The Democratic Alliance (DA) Federal Council chairperson Helen Zille’s Facebook post has not been received well by some people.
In the post, Zille seemed to express her sympathy for the former president Jacob Zuma – who is currently serving his prison sentence at the Estcourt Correctional Centre in KwaZulu-Natal – while reflecting on his political career, among other things.
This is after Zuma handed himself over to the authorities on Wednesday evening.
The former president was slapped with a 15-month jail sentence when he was found guilty of contempt of court by the Constitutional Court last week Tuesday for failing to comply with the court’s ruling, forcing him to appear before the Commission of Inquiry into Allegations of State Capture.
‘If I had his phone number, I would reach out to him’
Zille said while she believed that Zuma must serve his sentence, she would reach out to the former president as he did when she was suspended from the DA back in 2017 despite the pair being “arch political opponents”.
“I will never forget that, shortly after I had been suspended by my own party, during a time when I was almost completely shunned by people in the DA whose lives and careers I had helped build, it was President Zuma who reached out to me.
“I was stunned into disbelief when he made contact with me and urged me to ‘have courage’ and said he understood how difficult things must be for me.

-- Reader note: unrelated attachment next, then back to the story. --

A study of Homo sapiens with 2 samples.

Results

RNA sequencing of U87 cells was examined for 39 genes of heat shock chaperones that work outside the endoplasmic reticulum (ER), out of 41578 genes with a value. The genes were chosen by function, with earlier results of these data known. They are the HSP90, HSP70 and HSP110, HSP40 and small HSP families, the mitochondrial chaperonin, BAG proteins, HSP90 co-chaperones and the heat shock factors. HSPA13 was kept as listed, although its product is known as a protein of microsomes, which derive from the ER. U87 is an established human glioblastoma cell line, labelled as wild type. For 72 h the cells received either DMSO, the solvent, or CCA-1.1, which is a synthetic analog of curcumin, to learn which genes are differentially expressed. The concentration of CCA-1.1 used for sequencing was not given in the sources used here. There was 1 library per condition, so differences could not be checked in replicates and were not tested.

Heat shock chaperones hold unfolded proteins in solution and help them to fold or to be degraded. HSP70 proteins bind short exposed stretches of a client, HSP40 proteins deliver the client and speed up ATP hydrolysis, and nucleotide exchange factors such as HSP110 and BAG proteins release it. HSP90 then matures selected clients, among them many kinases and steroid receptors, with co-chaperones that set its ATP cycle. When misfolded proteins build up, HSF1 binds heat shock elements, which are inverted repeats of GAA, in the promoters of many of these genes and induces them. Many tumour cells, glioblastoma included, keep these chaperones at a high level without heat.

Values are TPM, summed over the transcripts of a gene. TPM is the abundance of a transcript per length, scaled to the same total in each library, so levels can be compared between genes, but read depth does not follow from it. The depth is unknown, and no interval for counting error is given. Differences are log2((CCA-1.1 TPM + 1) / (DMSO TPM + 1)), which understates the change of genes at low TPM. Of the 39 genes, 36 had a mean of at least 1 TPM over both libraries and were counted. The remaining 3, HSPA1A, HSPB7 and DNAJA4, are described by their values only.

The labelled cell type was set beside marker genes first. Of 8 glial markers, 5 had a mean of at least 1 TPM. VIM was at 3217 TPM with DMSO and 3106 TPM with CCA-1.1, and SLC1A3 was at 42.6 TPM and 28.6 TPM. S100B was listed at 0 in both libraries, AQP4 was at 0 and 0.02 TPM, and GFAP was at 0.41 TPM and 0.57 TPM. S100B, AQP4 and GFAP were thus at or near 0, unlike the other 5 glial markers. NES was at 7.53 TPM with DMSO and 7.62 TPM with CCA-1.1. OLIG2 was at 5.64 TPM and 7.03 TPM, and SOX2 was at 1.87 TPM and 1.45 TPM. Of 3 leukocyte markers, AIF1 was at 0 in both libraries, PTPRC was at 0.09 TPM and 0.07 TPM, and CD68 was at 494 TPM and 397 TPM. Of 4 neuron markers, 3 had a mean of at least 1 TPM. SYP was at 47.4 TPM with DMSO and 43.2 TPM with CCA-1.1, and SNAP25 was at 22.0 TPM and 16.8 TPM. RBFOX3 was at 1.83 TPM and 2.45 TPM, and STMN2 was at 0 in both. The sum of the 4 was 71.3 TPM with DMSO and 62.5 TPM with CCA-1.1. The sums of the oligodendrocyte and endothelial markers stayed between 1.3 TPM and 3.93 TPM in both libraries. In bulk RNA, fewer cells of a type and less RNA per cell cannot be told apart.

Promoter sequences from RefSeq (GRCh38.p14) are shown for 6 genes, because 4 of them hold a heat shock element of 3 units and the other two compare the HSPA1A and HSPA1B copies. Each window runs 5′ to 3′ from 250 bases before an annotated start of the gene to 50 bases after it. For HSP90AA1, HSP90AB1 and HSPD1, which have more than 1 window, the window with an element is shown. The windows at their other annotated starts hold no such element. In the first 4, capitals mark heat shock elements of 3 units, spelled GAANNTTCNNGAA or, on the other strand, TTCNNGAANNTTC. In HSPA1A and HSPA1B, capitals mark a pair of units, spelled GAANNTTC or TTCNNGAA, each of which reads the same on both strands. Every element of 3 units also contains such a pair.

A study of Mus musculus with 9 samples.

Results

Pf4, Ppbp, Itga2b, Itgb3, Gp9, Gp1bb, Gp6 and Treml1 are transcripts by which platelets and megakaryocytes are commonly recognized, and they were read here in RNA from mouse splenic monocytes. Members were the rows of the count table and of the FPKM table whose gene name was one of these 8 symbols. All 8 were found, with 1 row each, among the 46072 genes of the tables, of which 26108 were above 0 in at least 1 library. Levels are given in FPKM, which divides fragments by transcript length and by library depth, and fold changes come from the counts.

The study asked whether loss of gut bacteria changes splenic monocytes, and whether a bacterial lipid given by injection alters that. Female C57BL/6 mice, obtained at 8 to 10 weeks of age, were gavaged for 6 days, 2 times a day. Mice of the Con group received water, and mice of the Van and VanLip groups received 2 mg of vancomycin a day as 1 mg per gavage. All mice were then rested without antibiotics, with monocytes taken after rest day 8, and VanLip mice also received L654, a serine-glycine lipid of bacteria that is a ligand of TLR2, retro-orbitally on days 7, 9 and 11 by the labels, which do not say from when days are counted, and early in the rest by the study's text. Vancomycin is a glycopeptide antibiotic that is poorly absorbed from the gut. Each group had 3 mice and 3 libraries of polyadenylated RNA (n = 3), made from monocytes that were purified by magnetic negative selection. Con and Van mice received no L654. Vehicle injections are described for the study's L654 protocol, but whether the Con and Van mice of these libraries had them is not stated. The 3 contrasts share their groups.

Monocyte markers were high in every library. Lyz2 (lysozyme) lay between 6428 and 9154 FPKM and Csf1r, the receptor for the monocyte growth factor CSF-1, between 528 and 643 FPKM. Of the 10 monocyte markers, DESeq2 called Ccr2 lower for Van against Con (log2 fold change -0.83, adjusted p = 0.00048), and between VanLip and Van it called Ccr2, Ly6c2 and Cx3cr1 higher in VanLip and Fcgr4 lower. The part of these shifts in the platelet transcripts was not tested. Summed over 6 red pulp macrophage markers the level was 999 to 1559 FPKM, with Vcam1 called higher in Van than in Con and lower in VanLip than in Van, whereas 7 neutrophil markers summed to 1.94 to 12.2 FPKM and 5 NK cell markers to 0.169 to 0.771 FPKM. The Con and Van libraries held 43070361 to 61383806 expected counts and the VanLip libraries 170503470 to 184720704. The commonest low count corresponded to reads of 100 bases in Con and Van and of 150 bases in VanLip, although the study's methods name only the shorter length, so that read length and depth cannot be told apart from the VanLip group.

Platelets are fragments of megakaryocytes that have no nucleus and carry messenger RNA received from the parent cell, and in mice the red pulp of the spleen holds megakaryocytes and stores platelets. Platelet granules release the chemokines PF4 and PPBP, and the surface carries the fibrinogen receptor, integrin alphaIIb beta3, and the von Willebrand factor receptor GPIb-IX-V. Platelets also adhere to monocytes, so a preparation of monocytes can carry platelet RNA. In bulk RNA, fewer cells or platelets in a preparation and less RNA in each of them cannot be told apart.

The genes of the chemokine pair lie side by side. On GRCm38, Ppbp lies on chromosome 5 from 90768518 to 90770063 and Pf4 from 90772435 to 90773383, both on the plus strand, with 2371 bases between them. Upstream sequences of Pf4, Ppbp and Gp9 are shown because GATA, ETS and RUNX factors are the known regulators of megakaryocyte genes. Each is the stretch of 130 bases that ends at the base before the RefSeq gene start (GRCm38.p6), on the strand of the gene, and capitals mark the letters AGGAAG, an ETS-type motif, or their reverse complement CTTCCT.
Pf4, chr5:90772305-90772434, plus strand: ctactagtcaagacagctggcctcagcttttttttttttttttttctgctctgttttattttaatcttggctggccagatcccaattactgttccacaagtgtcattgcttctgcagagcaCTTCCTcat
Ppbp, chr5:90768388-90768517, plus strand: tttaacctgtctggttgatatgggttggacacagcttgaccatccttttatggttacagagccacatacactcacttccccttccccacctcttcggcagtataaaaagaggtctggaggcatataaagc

“This conversation was one of the few times, during that personal ordeal, when the tears streamed down my face, because this encounter was so counter-intuitive. He did not have to reach out to me,” she said.
The former Western Cape premier then continued to say: “If I had his phone number now (and if I knew he has a phone in his cell), I would reach out to him too, and wish him strength and courage, as he did to me at my lowest ebb. Not because I think he has been wronged. He was accorded due process of law and must serve his sentence. But because I know Zuma, the person, not the politician.”
Some people on social media reacted to Zille’s post with somewhat of an understanding, while others reacted to the other parts of the post with outrage.
This is because Zille seemed to suggest there was “a misalignment between the inherent assumptions of a constitutional democracy and traditional African cultures, which are more aligned to feudalism than the accountability that we demand from our leaders”.
She described Zuma as “a traditionalist” who was “totally unfamiliar with the concepts of constitutionalism”, further saying the matter was “a total misalignment”.
Reacting to Zillie’s post, one Twitter user pointed out that the opinion piece carried racist undertones.
“Zille’s article has racist undertones. The idea that constitutionalism [and] rights-based struggles are foreign concepts to [Africans] is at odds with history. She speaks as if we never contested or sought to expand the very meaning of liberty. But we did,” the user
Meanwhile, Economic Freedom Fighter (EFF) MP Mbuyiseni Ndlozi also weighed in his thought on the post, describing the former Western Cape premier as “a racist rubbish”.
See some of the tweets below:
Click here to read Zille’s full statement on her Facebook page.